Ohio Supreme Court Finds That Insurance Policy Does Not Cover Ransomware Attack, As Computer Software Cannot Experience Direct Physical Loss Or Physical Damage Required Due To The Lack Of A Physical Existence.
In a December 27, 2022 decision, the Ohio Supreme Court, in EMOI Servs., L.L.C. v. Owners Ins. Co., Slip Opinion No. 2022-Ohio-4649, issued a ruling that a businessowners insurance policy does not cover losses that resulted from a ransomware attack on computer software systems. The Ohio Supreme Court found that such a ransomware attack causes no “direct physical loss of or damage to” the software, which is required for coverage under the policy.
There, EMOI, a computer software company that develops software to provide medical offices with service and support to set appointments, keep records, and track billing, became a target of a ransomware attack when a hacker gained access to EMOI’s system and encrypted certain files. The hacker demanded payment of three bitcoins – worth $35,000 at the time – in exchange for a decryption key. EMOI submitted the loss to its insurer, Owners Insurance Company, after EMOI paid the ransom.
The Owners insurance policy included an Electronic-Equipment Endorsement that provided coverage for direct physical loss of or damage to “media” owned by EMOI, as well as the costs to research, replace, or restore information on “media” that incurred direct physical loss or damage. The policy defined “media” to include “computer software and reproduction of data contained on covered media.”
The Court concluded that “software is an intangible item” and it “cannot experience direct physical loss or direct physical damage,” such that the businessowners policy’s Electronic-Equipment Endorsement did not apply. The Ohio Supreme Court specifically rejected EMOI’s arguments that computer software was “media” and that the policy contemplated that software can be damaged, despite the fact that it is nonphysical and even where there is no damage to hardware. The Court recognized that, while “computer software” is included in the definition of “media”, it is included “only insofar as the software is ‘contained on covered media.’” (emphasis original).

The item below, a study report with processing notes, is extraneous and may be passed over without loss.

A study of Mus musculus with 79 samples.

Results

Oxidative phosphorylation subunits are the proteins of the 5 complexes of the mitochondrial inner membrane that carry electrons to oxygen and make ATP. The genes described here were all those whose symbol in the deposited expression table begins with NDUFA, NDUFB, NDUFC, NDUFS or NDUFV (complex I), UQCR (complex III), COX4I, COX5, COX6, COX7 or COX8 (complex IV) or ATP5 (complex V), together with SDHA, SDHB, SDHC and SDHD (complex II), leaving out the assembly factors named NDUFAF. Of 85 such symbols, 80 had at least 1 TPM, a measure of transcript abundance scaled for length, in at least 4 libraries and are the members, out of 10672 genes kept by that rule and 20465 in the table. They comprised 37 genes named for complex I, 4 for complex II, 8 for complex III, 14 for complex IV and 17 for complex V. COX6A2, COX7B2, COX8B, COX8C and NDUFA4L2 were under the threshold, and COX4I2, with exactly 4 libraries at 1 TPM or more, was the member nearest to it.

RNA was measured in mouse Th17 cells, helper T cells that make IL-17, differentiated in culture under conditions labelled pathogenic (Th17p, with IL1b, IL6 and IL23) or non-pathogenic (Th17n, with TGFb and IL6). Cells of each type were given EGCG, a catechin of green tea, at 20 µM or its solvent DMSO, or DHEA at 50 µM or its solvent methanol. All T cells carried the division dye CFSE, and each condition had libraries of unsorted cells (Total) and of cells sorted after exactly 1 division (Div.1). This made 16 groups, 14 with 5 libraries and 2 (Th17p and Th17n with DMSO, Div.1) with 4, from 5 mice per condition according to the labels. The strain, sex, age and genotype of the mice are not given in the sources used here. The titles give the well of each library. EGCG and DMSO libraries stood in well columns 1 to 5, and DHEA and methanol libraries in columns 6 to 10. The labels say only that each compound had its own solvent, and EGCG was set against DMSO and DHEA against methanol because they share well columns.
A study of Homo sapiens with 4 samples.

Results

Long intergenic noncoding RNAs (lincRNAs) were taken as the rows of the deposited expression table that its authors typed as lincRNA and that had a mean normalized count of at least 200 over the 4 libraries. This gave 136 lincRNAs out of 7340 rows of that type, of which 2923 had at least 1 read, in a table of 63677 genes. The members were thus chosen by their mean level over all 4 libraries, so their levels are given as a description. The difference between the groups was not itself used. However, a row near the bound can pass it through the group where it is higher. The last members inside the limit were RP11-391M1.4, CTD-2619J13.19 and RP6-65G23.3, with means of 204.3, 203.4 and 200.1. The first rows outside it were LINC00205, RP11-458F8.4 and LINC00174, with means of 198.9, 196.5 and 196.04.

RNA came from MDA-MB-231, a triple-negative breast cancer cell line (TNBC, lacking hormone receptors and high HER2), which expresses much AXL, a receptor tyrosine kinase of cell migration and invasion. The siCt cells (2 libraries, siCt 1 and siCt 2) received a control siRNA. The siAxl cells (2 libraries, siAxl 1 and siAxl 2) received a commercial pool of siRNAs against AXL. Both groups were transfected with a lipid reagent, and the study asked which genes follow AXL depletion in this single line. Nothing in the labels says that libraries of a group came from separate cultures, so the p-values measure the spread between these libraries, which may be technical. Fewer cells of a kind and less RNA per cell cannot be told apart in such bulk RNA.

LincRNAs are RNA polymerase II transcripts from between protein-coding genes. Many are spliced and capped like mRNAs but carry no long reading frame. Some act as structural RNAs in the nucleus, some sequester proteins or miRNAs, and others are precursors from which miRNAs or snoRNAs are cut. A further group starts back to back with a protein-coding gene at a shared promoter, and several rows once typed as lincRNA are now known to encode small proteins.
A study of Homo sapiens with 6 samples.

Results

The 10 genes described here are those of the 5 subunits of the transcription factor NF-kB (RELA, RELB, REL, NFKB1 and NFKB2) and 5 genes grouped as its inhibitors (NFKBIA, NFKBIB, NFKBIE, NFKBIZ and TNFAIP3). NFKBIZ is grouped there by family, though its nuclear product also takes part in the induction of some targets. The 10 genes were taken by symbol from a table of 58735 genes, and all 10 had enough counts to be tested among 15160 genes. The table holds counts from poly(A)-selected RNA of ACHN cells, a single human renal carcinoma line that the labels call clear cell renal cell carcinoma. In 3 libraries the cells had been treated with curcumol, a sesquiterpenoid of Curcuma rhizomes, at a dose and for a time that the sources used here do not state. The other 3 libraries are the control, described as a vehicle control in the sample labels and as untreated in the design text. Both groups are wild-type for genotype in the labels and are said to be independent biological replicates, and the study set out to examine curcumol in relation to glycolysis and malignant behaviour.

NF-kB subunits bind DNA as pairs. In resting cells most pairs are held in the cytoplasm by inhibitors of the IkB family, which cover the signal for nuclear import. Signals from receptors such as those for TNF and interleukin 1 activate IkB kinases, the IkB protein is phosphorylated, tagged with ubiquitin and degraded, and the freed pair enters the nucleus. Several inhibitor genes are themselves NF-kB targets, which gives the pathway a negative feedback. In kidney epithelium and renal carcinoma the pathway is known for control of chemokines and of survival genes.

The Court held that “covered media” means “media that has a physical existence” and “the policy requires that there must be direct physical loss or damage of the covered media containing the computer software for the software to be covered under the policy.” The Court further stated that, since software does not have a physical existence and is “information stored on a computer or other electronic medium,” it is entirely intangible. Thus, Owners owed no coverage under its policy with EMOI for the ransomware attack or any losses associated with it.
This decision follows the recent Ohio Supreme Court decision, in Neuro-Communication Services, Inc. v. Cincinnati Insurance Company, Slip Opinion No. 2022-Ohio-4379. There, the Ohio Supreme Court similarly found the presence of COVID-19 in the community, on or in business surfaces, or in infected people on the business premises, did not constitute “direct physical loss” or “damage to property” necessary to trigger coverage under similar policies. While the direct physical loss or damage provision in the Neuro-Communication case involved property, the Ohio Supreme Court, in EMOI Servs., L.L.C., similarly recognized that the policy there required direct physical loss of or direct physical damage to, electronic equipment or media.